The mind is like a parachute. If it doesn't open, you're meat.

On test automation and management, part I

13 Apr 2007

This is the first of a series of articles on test automation, test management and test automation management within the bounds of software development.

In this first part I’ll lay down the problem bothering me and in subsequent articles I’ll talk about a concept and an implementation for a solution.

Automating Tests in a Heterogeneous Environment

Test Automation is the process by which the execution of tests is undertaken by the computer without user intervention.

Lets not go into details as to why test automation is essential under most circumstances, suffice to say that it frees resources and saves time. There are several tools in the market that automate tests. In almost all cases the tools concentrate in solving one of the following:

  • Tests for programs written in a specific language (all unit test frameworks)
  • Tests for a specific plattform (be it OS, framework etc.)
  • Tests for UIs (Web or GUI)
  • Special tools for testing i.e. embedded platforms

Usually the solution consists of a language to write the test script (be it Python, Java, Ruby, Delphi or VBA) and an environment that will run one or more scripts, log the output and return a success or failure result.

Let’s state the problem studying a contrived example, where we are testing a product that controls an embedded device. Development artifacts consist of a Windows-based application which presents the GUI we want to test and the embedded device’s firmware.

To make things a bit more complex the application and the device can communicate over different mediums, say a USB/serial interface and a TCP/IP-based network interface.

We have several tools for testing the different aspects of the system:

  • Unit tests for the application that run on windows
  • Unit tests for the embedded device functionality that run on windows and on the hardware itself.
  • A GUI test automation tool
  • A USB/serial traffic analyzer
  • A simulator against which functional tests are written
  • etc.

Testing the product would include running unit tests, functional tests in simulation mode, using a test rig that runs integration tests for all combinations of communication mediums, using a multiple test server setup for system tests in real-world conditions. There will also be stress testing, and long running tests.

Going past the unit test stage, tests are usually specified giving a short description, stating the preconditions for the test and the expected results. Usually most test tools do not explicitly provide for the setup of the test environment (i.e. the USB analyzer script will assume the correct firmware to be present, the GUI tester will expect the application to be running etc.), although most test automation tools will provide ways of running external scripts, where one can implement such preparation steps.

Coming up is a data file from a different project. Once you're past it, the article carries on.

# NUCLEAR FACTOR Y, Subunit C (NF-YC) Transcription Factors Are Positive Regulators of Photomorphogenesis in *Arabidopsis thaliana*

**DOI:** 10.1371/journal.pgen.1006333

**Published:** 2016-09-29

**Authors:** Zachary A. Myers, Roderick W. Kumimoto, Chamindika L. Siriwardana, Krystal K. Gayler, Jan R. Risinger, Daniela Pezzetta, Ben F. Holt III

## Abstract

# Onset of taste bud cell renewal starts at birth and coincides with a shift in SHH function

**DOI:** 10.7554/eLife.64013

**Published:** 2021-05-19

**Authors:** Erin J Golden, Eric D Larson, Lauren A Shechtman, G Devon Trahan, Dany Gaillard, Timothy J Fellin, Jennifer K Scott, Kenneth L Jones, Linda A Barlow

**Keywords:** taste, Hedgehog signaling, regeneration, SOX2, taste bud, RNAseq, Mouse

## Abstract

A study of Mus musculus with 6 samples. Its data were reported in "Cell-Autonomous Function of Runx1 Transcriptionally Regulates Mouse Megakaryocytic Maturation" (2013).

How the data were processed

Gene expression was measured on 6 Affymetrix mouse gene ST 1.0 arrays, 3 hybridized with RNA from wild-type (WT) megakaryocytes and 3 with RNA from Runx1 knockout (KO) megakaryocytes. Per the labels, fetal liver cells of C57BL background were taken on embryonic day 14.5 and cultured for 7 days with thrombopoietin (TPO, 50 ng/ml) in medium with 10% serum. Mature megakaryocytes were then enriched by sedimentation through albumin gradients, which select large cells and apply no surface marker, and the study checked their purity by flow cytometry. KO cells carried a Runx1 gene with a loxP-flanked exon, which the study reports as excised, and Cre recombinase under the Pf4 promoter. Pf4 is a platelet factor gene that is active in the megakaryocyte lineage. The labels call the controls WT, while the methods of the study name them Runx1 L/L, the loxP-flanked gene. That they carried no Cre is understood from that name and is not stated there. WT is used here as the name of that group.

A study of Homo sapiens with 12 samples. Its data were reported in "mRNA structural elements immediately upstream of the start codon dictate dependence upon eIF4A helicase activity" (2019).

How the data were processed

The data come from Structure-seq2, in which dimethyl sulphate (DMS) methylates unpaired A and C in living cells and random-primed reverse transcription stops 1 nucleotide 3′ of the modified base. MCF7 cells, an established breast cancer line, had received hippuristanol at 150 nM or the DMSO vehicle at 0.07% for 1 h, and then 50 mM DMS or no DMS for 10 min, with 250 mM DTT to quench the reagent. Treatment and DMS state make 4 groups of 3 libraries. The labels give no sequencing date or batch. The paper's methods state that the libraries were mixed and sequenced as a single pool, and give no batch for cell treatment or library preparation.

So extra scripts are needed, for tasks like starting and ending the application, flashing the device, generating test data etc.

In our highly heterogeneous project environment we end up with at least five different ways of implementing test cases. Managing these test cases becomes a case for “Excel Magic”, where the appointed test manager tries to keep tabs on all scripts, descriptions and test conditions through the ingenious use of spreadsheets and hard work. Possibly (and with luck) a good test management tool can help ease the complexity, but experience points to the Excel solution most of the times.

But there is no single entry point to all the tests! In the best of cases elaborate batch/shell scripts will be written to provide the glue integrating the tools together.

Integrating the tools

In our scenario Excel becomes the integrator on the test management side, while on the test execution side, batch/shell scripts take over that role.

It is a race against time that becomes very difficult to win the closer a team comes to the deadline: Every change in the testing environment (test case versions, descriptions, software version numbers) needs to be documented and tracked. Broken shell scripts must be found and corrected.

It becomes obvious that we need a unifying layer for all the different tools. A system that will allow the integration of several tools and provide that single entry point.

Ideally it will also provide us with:

  • A way to define test cases whose execution requires several different tools in a consistent and simple way.
  • A way to automate the execution of said test cases.
  • History and reporting on test execution which can be directly traced to specified builds of the tested system using known versions of the test case set and the tools.

It turns out that if you try to build software that does all of the above, you end up creating a framework for building such a system, which is then customized according to each project’s requirements.

I’ll talk about one such solution in the next installment of the series.